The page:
The new update for the Xbox One is here, and it’s a big one – literally. Clocking in at just under 1GB, this update is a substantial one that changes the way we interface with the console.

Now, hitting the Xbox button on your controller will bring up the sidebar menu rather than dropping you to the home screen. To go to the home screen, you’ll actually hit that Xbox button and then hit “A” twice. If you’re in-game, the Xbox is now assuming that you want to stay in that game, rather than putting the interface front and center. The whole interface feels significantly faster, too.

Elements like the achievement tracker have been improved to be faster than before and provide more useful information, and the interface as a whole feels more informative so far.

You beamin’, bro?

Along with the overhaul to the interface comes a list of features. At the top of that list is Beam streaming. While it’s clear that Twitch is the dominant name in streaming, Microsoft wants to offer their own solution. Indeed, this new interface makes booting up a stream stupidly simple, and it’s easy to decide what you do and don’t want to show on the stream. Whether or not Microsoft will be able to garner any viewership through Beam is something that remains to be seen. Twitch dwarfs even Youtube’s gaming in mindshare in the gaming community, and attracting users to Beam instead of Twitch is going to be a tough proposition. I suspect that menu will end up adding some other streaming options or lie fallow before too long.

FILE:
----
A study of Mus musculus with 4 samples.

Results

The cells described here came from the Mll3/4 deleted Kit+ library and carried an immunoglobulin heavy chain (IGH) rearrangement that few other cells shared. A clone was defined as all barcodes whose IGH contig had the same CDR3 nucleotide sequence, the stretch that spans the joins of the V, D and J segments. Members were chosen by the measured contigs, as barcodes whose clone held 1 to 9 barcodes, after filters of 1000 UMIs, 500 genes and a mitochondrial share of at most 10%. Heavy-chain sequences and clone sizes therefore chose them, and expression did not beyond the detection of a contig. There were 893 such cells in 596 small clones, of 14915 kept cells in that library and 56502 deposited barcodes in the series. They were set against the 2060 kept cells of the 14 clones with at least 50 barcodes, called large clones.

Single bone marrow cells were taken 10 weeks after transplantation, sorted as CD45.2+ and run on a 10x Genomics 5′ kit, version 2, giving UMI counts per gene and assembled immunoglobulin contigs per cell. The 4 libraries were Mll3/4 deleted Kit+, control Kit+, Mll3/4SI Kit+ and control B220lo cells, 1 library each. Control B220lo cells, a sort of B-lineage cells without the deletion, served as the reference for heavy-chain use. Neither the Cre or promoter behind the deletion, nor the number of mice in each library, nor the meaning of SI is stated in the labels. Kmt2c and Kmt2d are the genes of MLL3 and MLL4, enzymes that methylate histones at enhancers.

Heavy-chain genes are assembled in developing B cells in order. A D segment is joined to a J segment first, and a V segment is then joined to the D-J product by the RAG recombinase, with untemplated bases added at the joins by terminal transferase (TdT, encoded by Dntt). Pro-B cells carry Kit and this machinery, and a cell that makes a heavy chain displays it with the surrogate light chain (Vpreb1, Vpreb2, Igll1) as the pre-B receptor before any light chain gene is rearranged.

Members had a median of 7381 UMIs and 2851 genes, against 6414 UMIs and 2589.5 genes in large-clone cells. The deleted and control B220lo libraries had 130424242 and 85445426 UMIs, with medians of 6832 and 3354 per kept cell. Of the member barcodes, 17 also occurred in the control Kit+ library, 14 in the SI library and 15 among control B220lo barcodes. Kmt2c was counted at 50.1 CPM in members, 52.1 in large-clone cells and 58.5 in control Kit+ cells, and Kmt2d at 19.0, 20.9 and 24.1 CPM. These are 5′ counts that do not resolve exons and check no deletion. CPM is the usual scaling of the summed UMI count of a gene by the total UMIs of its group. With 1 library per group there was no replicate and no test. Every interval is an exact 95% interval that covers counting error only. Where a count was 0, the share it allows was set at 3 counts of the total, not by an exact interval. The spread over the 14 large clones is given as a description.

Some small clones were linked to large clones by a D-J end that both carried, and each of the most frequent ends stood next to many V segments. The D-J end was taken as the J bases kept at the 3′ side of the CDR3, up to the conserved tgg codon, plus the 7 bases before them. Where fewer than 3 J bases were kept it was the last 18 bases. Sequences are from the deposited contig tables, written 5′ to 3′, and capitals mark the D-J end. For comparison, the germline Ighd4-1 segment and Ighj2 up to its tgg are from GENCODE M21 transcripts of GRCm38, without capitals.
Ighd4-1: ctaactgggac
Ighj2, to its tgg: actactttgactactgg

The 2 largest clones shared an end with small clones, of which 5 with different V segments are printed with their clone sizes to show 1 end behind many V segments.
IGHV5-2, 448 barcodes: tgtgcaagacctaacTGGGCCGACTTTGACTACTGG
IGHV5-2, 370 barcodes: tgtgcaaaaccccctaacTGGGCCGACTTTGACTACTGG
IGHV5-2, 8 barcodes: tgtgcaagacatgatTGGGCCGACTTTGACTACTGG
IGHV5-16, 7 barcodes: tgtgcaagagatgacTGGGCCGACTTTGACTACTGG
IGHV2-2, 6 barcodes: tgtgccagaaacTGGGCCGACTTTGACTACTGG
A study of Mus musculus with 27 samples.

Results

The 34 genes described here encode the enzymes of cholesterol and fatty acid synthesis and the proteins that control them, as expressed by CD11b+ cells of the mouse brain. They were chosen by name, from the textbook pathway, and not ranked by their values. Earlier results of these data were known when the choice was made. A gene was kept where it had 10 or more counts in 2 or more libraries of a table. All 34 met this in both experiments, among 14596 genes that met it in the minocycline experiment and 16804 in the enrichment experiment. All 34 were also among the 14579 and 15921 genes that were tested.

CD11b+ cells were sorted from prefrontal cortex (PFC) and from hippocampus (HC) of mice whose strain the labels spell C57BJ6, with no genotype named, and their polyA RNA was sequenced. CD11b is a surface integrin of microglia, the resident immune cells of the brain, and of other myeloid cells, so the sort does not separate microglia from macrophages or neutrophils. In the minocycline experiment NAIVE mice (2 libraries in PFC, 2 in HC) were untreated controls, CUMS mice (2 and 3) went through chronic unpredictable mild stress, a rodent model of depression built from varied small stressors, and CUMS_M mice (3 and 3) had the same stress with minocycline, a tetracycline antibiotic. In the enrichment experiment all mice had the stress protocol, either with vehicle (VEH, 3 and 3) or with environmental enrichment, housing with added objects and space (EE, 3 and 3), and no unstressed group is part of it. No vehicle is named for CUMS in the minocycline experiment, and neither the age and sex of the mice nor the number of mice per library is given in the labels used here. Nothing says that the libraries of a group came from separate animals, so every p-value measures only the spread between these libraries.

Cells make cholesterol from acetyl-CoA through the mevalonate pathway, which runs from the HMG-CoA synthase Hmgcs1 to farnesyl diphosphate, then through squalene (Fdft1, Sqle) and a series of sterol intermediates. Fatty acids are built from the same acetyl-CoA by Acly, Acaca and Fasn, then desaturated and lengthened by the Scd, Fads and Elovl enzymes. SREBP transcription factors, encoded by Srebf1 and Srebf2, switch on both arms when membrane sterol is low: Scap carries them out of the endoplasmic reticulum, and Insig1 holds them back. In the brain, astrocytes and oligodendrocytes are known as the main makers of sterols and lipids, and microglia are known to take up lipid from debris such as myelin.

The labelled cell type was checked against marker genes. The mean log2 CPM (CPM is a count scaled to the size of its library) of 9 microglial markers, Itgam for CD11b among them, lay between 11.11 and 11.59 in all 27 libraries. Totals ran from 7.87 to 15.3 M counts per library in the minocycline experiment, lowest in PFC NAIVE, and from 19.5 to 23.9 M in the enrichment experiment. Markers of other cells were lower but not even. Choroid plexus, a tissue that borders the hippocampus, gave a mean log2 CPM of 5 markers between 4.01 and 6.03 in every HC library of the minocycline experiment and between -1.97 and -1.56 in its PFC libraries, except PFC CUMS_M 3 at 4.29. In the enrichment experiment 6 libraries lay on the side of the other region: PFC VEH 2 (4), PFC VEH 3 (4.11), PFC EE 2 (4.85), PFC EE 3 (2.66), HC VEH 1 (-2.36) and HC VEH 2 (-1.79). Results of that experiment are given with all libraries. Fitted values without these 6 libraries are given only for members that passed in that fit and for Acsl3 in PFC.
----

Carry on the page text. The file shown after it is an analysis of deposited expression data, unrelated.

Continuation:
One of the cooler new features is something Microsoft is calling Copilot. This feature allows you to sync two controllers to the same player, giving both controllers identical functionality. You could use it for something as simple as helping a friend learn a new technique in a game, but where it’ll be especially useful is for people with accessibility issues. If someone has use of only one hand but has adapted to be more dexterous with their feet, for example, they can remap some buttons and sync up a second controller.

Screen-time limits can now be enabled as well so that you can decide just how long your kids can play Minecraft for before they have to do their homework.

The update is live right now. If the system doesn’t prompt you automatically, you can go to All Settings, System, then Updates, and update the console manually.